Perspective: Morning Commentary for April 19

Perspective: Morning Commentary
Arlan Suderman
Chief Commodities Economist


April 19 – Geopolitical tensions dominated trade talk overnight, following an apparent Israeli strike on Iran. However, the strike was limited in nature, at least thus far, and Iran downplayed it, indicating that no further action was currently needed on its part. The markets calmed again, although anxiety remains elevated. The VIX is drifting back down below 19 this morning, after spiking to a six-month high above 21 overnight. The dollar index is trading near 106.0 once again, after pushing modestly higher overnight in a safe-haven trade. Yields on 10-year Treasuries initially dipped briefly below 4.50%, but they have now recovered to trade near 4.61%. Yields on 2-year Treasuries are trading back near 4.98%, after dipping below 4.88% on the initial strike reports. Crude oil prices surged above $86 on the strike reports overnight, but they have since fallen back to trade near $82 per barrel. The grain and oilseed markets also spiked on the elevated geopolitical risks. They remained modestly in the green at this morning’s pause, but most are trading well off their session highs as geopolitical tensions ease.


Explosions could be heard overnight across Isfahan, a city relatively deep into western Iran. Initial reports suggest that three drones from Israel struck a military base near Isfahan. It appeared to be the retaliation the world had braced for, as Israel responded to last weekends barrage of several hundred missiles and drones that came from Iran. Global traders feared that last night’s strike would further escalate the Middle East conflict into a broader regional war that could disrupt global economic activity, result in damage to oil production and export infrastructure, and trigger another round of geopolitical driven inflation.


But market tensions eased back again when Iran downplayed the incident, failing to even mention that Israel was behind the strike in its news reports. Instead, Iran reported that infiltrators had attempted an attack, but that they had been rebuffed by Iranian forces. They made it sound like an internal affair, and it indicated that no further action was needed at this point. Israel remained relatively quiet about the strike, other than a single word post on X by its national security minister: “Feeble.” One Israeli reporter likened the attack to ancient King David’s stealth move to cut the corner off then-king Saul’s robe in the dark of a cave, which showed Saul that David had the power and ability to take his life, but that he had chosen not to do so. For its part, Iran doesn’t want a direct war with Israel that it might not be able to win, especially if it draws the United States into the conflict. Iran can inflict far more pain and disruption via its proxy groups than it can in a direct conflict. As such, the Middle East remains very much in a state of tension this morning. But the fear is less of a direct war between Iran and Israel, and more of a continuing escalation between Israel and the proxy groups that Iran supports financially, with the wealth that comes from its oil sales. The United States has thus far said that it will not tighten sanctions on those sales, as that would add to inflationary pressures in an election year. Thus, the expectation is that the war will continue to present risks to the markets, although commodities will continue to find ways to flow until / unless the status quo changes.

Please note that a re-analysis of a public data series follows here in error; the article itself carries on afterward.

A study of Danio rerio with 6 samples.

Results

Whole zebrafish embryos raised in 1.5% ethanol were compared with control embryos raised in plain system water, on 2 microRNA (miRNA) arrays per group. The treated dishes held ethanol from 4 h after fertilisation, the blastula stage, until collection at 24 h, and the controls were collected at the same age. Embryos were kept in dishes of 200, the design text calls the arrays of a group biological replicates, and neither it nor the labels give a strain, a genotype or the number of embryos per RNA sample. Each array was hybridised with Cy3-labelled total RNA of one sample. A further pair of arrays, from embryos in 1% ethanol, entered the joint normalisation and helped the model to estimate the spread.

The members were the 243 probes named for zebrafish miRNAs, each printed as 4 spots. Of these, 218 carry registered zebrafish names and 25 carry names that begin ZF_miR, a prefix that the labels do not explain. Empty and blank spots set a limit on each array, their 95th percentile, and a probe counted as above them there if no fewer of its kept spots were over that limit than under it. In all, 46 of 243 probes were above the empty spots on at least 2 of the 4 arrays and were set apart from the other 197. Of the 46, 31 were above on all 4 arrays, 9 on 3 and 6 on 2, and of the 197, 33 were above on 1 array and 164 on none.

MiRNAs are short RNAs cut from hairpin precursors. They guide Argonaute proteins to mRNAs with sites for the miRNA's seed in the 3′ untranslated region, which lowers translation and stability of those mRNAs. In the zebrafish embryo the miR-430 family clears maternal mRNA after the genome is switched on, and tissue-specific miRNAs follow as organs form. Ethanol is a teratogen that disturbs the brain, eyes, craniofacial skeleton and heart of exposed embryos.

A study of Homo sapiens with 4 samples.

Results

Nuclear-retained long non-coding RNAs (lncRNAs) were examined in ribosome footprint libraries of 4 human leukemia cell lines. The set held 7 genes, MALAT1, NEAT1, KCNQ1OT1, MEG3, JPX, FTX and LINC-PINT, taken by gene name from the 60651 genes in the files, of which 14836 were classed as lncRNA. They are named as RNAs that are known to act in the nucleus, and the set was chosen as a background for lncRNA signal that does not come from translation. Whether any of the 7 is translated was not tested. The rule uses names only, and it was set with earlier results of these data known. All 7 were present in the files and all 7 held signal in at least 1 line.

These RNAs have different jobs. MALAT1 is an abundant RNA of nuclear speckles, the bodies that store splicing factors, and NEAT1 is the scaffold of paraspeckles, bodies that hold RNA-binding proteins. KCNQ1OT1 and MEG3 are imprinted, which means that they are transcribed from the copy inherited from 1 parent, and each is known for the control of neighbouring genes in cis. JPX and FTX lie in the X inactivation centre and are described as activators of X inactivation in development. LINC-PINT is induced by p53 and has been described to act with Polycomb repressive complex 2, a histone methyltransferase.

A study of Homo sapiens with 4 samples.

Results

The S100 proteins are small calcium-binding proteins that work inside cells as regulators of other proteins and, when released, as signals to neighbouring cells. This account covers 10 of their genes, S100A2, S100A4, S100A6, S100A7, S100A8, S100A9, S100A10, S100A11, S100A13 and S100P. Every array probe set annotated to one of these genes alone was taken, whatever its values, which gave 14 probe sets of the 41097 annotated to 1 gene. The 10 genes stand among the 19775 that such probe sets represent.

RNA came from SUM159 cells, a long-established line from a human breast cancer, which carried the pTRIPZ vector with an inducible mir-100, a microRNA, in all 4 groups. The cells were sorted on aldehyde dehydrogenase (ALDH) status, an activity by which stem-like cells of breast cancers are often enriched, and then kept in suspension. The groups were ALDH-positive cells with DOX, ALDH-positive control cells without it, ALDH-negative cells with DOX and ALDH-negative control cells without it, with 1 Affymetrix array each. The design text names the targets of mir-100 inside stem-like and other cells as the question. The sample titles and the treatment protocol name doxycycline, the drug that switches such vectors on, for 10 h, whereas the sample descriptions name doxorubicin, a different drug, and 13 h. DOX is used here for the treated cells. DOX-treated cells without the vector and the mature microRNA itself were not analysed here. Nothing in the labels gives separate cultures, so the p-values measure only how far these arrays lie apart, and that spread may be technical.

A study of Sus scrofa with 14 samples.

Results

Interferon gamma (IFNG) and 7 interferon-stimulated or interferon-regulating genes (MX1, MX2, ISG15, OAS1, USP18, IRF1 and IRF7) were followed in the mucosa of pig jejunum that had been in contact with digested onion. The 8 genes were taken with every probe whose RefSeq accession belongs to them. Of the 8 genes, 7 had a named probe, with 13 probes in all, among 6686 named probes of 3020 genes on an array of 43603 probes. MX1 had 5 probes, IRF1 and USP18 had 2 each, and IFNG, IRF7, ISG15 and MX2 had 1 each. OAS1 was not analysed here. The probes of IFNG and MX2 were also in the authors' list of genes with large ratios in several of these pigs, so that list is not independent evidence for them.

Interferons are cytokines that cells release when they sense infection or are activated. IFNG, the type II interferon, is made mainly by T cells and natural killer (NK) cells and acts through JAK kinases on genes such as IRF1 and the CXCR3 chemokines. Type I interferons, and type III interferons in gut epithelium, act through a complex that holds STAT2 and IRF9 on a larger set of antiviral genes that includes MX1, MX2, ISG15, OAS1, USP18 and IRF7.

China has a stated goal of being the #1 economic and military power in the world. It sees those two as inseparable. It believes that one of the factors that helped the United States reach that status was the dollar becoming the global currency after World War II. Therefore, a piece of its strategy for achieving its goal is to displace the dollar’s dominance with the yuan. It’s done so by working with the BRICS coalition to establish a separate clearing bank from the SWIFT system, which would facilitate clearing global trade via the yuan. It then ramped up its Belt and Road Initiative, spurring economic activity in Asia, Europe, Africa, and South America that would encourage use of the yuan. Use of the yuan in global payments reached a record high 4.69% in March, up from 4% in February. That compares to the U.S. dollar’s share of 47%, followed by the euro at 22%. China is playing the long game. It wants the world to see the yuan as a strong alternative to the dollar, which is why it is reluctant to stimulate its economy before the Federal Reserve cuts rates, as that would be expected to further weaken the yuan versus the dollar. As such, the current strong dollar presents challenges for China’s economy, although it also makes it more difficult for U.S. commodities to compete on the global market.


Rising stress due to adverse weather in the central Plains provides support for the hard red wheat markets, while ongoing cheap sales out of the Black Sea cap gains in the wheat market for now. Brazil and U.S. farmer selling continue to be a problem for corn and soybean prices as well, while the current weather pattern is largely seen as beneficial for the 2024 Midwest crops. Drought risks are elevated for the Midwest this summer, particularly from the Plains into the western Midwest later in the summer, but there’s little consensus currently on the final impact on crops. Nutrien climatologist Eric Snodgrass points out to me that current sea surface temperature patterns appear to be closest to what they were at this same time in 2020, making it a possible analog year. Corn yields ended up modestly below trend that year, while soybean yields were modestly above trend levels.